One of Canada’s largest grocers outperformed analyst expectations in its latest quarter as the once-struggling chain increased its market share and marked the halfway point of its multi-year transformation plan.
“We are gaining traction,” said Michael Medline, Empire Co. Ltd.’s chief executive, during a conference call with analysts Thursday after the company released its second-quarter results.
The company behind Sobeys and Safeway grocery stores reported a profit of $103.8 million or 38 cents per share for the quarter ended Nov. 3 compared with a loss of $23.6 million or nine cents per share in the same quarter the previous year.
It earned 40 cents per share for the quarter on an adjusted basis, up from an adjusted profit of 27 cents per share in the same quarter last year.
Analysts on average had expected a profit of 32 cents per share, according to Thomson Reuters Eikon.
The company saw its highest same-store sales, a key retail metric, in 15 quarters, Medline said. It rose 2.5 per cent – excluding fuel. Sales totalled $6.21 billion for the 13-week period, up from nearly $6.03 billion a year ago, boosted by higher fuel prices.
Empire also saw its second consecutive quarter of tonnage growth at 1.7 per cent, he said.
“It’s here there and everywhere,” Medline said when asked where the company is taking market share and from which competitors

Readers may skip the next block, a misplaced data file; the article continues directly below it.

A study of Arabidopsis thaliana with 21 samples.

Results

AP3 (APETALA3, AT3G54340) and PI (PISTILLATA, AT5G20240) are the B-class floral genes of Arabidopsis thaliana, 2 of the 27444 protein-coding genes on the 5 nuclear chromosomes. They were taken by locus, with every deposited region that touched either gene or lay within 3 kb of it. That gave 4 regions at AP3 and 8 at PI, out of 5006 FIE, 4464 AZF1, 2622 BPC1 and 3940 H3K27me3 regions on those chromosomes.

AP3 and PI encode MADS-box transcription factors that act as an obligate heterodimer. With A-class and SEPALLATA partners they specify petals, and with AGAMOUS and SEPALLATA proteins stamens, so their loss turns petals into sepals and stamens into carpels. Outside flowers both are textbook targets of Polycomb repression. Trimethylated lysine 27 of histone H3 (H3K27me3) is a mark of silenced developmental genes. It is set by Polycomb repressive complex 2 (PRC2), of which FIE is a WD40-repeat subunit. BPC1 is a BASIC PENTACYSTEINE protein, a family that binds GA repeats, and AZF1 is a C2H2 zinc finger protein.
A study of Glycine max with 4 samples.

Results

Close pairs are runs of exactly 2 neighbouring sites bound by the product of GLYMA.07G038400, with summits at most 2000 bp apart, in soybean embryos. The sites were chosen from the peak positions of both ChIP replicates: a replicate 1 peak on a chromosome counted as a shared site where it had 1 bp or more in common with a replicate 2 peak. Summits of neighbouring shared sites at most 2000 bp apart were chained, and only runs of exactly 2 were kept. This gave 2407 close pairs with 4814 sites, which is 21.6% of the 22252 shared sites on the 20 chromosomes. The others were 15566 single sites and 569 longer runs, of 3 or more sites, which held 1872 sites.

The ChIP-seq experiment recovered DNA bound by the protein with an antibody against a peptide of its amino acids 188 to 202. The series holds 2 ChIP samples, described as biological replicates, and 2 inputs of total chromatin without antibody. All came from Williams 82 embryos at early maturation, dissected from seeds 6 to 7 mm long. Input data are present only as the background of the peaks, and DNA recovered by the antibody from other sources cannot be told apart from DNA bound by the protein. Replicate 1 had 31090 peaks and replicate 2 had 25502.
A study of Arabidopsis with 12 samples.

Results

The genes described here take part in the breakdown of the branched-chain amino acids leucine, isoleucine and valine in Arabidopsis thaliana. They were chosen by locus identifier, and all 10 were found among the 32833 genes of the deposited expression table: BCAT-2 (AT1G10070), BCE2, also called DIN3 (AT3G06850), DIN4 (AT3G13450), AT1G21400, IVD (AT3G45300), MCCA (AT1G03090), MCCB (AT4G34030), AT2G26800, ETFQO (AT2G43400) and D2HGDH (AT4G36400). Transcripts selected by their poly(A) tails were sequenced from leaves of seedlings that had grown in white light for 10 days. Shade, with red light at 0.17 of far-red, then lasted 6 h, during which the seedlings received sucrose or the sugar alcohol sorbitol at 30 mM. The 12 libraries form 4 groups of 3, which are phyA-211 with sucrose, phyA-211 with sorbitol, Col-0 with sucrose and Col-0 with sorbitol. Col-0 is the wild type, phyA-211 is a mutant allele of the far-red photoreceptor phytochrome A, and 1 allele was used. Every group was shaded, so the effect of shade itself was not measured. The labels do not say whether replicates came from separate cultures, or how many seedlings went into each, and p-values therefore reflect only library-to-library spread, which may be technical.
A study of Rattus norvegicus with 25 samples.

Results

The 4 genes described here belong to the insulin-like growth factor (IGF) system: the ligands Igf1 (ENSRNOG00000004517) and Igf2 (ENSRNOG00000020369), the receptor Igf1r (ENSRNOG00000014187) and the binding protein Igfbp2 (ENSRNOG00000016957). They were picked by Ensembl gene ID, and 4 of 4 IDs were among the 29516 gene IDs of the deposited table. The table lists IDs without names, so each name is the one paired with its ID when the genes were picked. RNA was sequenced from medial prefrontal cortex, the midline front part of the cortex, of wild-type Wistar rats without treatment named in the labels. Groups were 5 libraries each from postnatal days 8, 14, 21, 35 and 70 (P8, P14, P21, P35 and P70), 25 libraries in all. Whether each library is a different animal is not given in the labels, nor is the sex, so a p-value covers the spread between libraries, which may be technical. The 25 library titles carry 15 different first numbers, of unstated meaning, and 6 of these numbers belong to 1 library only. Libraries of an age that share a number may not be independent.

The company is performing better in almost every area of its business, he said, and all the regions are starting to pull their weight.
“It’s just good, consistent performance across the country,” he said. That includes the Western region where the company is seeing much better performance despite a challenging economy.
Empire is pleased with the progress it’s making on all its strategic initiatives, he said.
It’s halfway through so-called project sunrise. The project was launched in May 2017 and aims to create $500 million in annualized benefits by the end of the company’s 2020 financial year. The company is more confident than ever this quarter to achieve that target, Medline said.
He also noted progress in Empire’s recent acquisition of Farm Boy, which he expects will help grow the company’s presence in certain markets; as well as plans to build a robotic fulfillment centre for home delivery orders, and to roll out more FreshCo discount stores in the West.
Still, the company has a long way to go to reach its full earnings potential, he said, warning employees not to get ahead of themselves.